Stephen Colbert Spends Entire Monologue Mocking Trump's Speech to Congress

Stephen Colbert
“The theme of the speech was Renewal of the American Spirit," quipped Colbert, "which I have to say just sounds like a Chinese bootleg of Make America Great Again.” YouTube

After a somewhat rocky start to his Late Show tenure, Stephen Colbert's ratings have been soaring in recent months, and he has Donald Trump to thank. While competitors Jimmy Kimmel and Jimmy Fallon have taken a soft approach to Trump's White House, Colbert has taken dead aim at the president. Mocking the political circus was his specialty on the Colbert Report, and now he's parlayed his incisive wit into big ratings on network television.


Trump mentioned a ban on lobbying for foreign governments, and Colbert responded by impersonating Trump. "Obviously, yours truly excepted," he mimicked. "I got your back, Vlad. I got your back." Trump said he was creating a deregulation task force inside of every agency to promote small government, and Colbert playfully wondered how adding task forces counts as reducing government. Trump praised Edison for inventing the "electric pen," and Colbert theorized that Trump's own electric pen might be used for housing immigrants.

This went on for more than 12 minutes.

Colbert also spent some time mocking the Democrats' rebuttal to Trump's speech. He questioned their decision to "show a retired politician from a darkened cafeteria," while commending how the speaker, Steve Beshear, implemented the Affordable Care Act in the heavily Republican state of Kentucky.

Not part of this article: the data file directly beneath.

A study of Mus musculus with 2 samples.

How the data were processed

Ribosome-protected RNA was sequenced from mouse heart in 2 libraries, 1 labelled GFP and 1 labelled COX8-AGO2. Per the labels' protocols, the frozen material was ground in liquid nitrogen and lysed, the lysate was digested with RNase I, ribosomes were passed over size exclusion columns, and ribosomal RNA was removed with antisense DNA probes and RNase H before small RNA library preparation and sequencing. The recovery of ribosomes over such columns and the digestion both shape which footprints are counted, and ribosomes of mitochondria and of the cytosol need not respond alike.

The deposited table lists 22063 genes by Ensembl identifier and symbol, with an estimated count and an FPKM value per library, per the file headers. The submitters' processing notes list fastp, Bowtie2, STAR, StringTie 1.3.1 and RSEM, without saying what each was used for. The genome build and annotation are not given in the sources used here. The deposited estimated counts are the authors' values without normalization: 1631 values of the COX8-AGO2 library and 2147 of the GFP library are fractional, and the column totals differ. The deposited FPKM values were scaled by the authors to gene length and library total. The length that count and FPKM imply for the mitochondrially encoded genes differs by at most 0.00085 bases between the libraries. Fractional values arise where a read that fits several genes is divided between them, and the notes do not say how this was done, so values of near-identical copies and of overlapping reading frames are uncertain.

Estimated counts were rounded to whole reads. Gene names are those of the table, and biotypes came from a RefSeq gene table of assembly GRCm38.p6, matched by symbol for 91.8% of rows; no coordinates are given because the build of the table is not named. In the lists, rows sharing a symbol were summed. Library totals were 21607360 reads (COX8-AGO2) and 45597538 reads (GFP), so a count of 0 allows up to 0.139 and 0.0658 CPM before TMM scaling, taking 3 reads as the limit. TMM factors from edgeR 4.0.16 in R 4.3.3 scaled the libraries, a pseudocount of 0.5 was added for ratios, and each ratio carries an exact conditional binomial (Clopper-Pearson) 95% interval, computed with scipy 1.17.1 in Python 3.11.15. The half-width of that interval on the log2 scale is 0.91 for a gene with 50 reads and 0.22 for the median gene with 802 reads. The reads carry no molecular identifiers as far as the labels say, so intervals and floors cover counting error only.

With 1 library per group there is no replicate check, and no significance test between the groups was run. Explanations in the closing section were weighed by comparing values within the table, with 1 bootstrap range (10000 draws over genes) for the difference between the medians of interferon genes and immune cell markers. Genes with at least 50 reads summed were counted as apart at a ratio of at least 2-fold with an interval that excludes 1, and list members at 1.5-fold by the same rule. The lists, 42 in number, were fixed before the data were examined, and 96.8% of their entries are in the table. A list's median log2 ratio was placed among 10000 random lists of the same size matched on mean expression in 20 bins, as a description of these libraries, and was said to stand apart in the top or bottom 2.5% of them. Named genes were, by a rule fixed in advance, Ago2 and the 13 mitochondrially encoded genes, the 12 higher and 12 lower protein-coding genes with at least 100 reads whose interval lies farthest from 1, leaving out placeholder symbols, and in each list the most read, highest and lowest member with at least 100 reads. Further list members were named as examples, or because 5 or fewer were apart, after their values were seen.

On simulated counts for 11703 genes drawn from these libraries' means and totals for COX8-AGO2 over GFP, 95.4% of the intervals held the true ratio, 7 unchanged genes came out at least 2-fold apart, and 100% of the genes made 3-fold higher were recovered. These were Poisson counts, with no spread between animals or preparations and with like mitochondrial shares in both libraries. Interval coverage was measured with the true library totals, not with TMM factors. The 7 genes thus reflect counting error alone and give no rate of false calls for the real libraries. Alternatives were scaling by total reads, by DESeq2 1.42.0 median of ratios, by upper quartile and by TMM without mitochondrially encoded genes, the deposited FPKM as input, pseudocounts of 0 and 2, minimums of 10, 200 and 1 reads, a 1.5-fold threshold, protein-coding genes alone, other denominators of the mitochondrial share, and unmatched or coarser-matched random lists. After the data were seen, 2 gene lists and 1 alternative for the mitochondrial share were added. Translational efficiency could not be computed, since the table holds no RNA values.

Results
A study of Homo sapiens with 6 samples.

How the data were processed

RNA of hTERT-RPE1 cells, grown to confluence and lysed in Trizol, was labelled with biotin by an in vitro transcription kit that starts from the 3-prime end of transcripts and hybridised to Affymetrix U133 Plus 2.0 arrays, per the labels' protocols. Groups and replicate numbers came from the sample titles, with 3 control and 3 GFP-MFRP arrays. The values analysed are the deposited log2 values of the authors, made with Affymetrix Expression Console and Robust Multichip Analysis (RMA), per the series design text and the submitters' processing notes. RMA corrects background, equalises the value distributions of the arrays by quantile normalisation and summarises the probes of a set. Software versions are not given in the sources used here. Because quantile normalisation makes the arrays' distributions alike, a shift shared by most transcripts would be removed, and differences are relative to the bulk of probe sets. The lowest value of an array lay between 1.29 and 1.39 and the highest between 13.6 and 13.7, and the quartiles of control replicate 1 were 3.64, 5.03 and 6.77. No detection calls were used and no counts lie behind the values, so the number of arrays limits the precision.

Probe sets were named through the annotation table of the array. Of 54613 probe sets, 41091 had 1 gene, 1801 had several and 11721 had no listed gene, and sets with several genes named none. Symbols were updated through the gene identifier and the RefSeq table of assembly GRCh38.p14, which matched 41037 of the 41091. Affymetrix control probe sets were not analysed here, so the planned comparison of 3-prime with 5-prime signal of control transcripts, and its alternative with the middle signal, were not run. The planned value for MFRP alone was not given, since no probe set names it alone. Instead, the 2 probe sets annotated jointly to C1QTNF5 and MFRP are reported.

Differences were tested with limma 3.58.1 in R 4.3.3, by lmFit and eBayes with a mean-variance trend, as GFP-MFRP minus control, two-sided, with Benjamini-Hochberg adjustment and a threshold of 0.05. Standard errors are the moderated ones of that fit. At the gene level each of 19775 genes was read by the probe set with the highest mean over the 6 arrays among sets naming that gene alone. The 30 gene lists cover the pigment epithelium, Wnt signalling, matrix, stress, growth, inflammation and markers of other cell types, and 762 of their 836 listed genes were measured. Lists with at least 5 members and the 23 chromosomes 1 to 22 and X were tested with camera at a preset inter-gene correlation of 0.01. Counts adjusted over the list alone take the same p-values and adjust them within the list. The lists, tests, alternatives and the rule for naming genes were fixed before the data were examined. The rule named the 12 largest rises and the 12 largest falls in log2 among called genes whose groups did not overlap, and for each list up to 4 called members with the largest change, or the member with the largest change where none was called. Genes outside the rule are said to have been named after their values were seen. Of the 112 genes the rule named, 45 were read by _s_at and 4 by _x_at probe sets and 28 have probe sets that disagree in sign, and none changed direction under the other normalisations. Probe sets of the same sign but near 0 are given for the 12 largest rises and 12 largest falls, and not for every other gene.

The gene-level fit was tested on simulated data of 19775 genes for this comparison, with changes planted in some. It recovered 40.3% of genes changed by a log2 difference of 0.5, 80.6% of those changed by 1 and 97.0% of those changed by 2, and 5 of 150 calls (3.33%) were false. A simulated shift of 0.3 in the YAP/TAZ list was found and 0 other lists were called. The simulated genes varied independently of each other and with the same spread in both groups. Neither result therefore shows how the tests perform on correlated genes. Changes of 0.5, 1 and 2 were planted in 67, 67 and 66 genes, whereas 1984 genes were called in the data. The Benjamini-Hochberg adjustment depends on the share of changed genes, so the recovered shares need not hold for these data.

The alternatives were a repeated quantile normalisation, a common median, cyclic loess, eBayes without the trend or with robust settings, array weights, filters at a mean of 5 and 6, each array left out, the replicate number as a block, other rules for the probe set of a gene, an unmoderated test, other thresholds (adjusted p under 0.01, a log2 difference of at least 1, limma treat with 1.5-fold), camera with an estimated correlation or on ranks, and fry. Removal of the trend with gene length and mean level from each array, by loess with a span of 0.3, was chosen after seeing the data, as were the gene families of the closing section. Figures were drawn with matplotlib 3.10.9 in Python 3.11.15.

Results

Colbert and fellow late-night hosts Seth Meyers, John Oliver and Samantha Bee have played an important role in pointing out the lunacy of Trump's administration. Unlike The New York Times, The Washington Post, CNN or other media outlets that have been criticized by Trump, the hosts have felt no pressure to remain unbiased, instead choosing to align themselves with the majority of Americans who voted against the former reality TV star.

Most of these traditional media outlets, in fact, took the relatively tame speech as a rare opportunity to praise Trump. CNN ran a piece under the headline "Presidential Trump." Van Jones, who had once been fiercely critical of Trump, said the commander in chief "became President of the United States in that moment, period," in reference to a point in the speech where Trump honored the widow of the Navy SEAL who died in the controversial raid on Yemen in January. Earlier in the day, Trump deflected blame for the death onto his generals, despite authorizing the raid himself. Also on Tuesday, a report found that no significant intelligence was gathered as a result of the raid.

Trump's tribute to fallen Navy SEAL Ryan Owens did not, however, sway Colbert. "As we come to the end of tonight's address to Congress, I think we can all agree on one thing," he said, gritting his teeth. "One to go."